More than one basketball lifetime separates the birth of LeBron James and Ja Morant. In sharing this time and space, they give us the best of both worlds.
Ja Morant is a lot of fun right now. Ja Morant is likely to be fun for a while. There is a Paul Rudd uncorking a bottle of hot sauce giddiness to watching Ja Morant play, and the energy is so free and so light that you can make Ja Morant-man jokes and not feel ashamed. Mainline Ja Morant into your veins for 48 minutes and you will wake up the next morning daring to be something you weren’t, that is, if you even fell asleep.
LeBron James was born on Dec. 30, 1984. Ja Morant wouldn’t see the light of day until 1999. The difference is the Showtime Lakers, Larry Legend, the Bad Boys, and two three-peats by a man comprised of air particles. Morant was born at the dawn of Duncan and just before Kobe and Shaq made good. They were all out of the league before Morant’s rookie debut. Seeing Morant play LeBron on the King’s birthday is an anachronism, or at least a rejected plotline for a basketball Rocky reboot. But the two teams did play on Wednesday night.
LeBron hit a career-high in 3-point field goals en route to scoring his age and Morant dropped 41 in a comeback effort, making it impossible to tell which player was trespassing into which player’s timeframe. A moment that crystalized this enigma occurred in the Grizzlies comeback when Morant drove to the basket and LeBron stepped into his path, hands over his crotch and just outside the circle. Paul Rudd smiles, “Look at us,” and Morant rises with vape-like ease and efficiency. And then LeBron ducked him. The ball dropped into the basket, but the whistle blew and Morant was called for phantom contact. Each man was there, and each man wasn’t.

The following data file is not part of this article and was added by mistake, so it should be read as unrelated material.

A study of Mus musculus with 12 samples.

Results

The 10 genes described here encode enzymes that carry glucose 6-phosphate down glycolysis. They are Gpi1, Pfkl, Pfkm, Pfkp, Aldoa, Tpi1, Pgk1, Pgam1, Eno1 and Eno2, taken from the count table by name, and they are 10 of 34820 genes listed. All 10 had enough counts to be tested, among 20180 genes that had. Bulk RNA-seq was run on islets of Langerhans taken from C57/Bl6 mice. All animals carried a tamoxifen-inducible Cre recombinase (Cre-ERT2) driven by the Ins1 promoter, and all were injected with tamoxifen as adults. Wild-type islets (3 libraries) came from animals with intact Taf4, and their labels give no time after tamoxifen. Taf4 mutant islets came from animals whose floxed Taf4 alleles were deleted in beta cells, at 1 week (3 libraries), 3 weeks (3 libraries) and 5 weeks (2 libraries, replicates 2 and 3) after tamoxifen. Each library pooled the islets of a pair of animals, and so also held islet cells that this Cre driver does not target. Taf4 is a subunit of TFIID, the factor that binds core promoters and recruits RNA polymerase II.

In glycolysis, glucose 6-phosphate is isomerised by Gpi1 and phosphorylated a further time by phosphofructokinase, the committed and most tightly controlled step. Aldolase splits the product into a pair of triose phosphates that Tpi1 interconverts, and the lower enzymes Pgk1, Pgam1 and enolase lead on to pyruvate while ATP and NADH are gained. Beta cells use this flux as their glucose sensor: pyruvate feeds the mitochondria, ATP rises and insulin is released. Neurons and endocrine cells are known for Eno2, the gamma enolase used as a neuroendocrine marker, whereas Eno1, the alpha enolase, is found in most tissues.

Is this Ja Morant’s time, or LeBron James’? How would we even know?
The torch hasn’t exactly been passed. The season is far from over. The hapless Los Angeles Lakers could still turn a rather disappointing season around, but right now the stock is incredibly heavy. And the Memphis Grizzlies, who are now five games ahead of the Lakers, aren’t entirely sure where they’re headed. But hyperbole can be forgiven on both counts. Every night out is a litmus test for these Lakers because they are LeBron’s Los Angeles Lakers. The kneejerk reactions and over-the-top analysis are a testament to the brands and pedigrees involved.
I recently cracked open a copy of Richard Zacks’ Chasing the Last Laugh: How Mark Twain Escaped Debt and Disgrace with a Round-the-World Comedy Tour. I can’t say much about the book; I’ve only read to page 20 so far. And what I can say is largely known.
Twain was the undisputed best living American author. He was a heavyweight on the page and as an entertainer. In fact, his personality had outgrown the page. He also didn’t know what to do with himself and his money. He made it rain and suffered in floods. Bad investments were sort of his thing. His imagination which could render any story tellable also made him think any invention was profitable. But he was almost always wrong. Filled with shame and buried in red ink, Twain took to the road, embarking on a world tour to make a quick buck and to save his glorious reputation. He entertained. He humored. He did stand up in the Himalayas. And that’s Chasing the Last Laugh.
The parallels with LeBron are not difficult to imagine. He is an unimaginable basketball force. He’s not what he once was, but he is still better than most by a longshot. And yet he’s weighed down by his own investments. He handpicked the talent on his roster. He buried himself in red ink. And again, the scrutiny is testament to the fact we all still kind of suspect he could pull off the escape.
The Grizzlies, on the other hand, are all in-the-parking-lot excitement right now. The concert is an afterthought and doesn’t even come with the pressure of needing to know the band. The anticipation is the thing.
Ja Morant gets the ball. Ja Morant bops down court. He spins. He floats. The defense ties him up. He dunks. Every movement is an intake from a helium valve. Every effort at quoting Paul Rudd is pubescent voice cracking. Everything is just out of the nest and suspended in air. Up and down are identical twins. In the future, we’ll all say, you had to be there, but right now, look at us — we have the best of both worlds.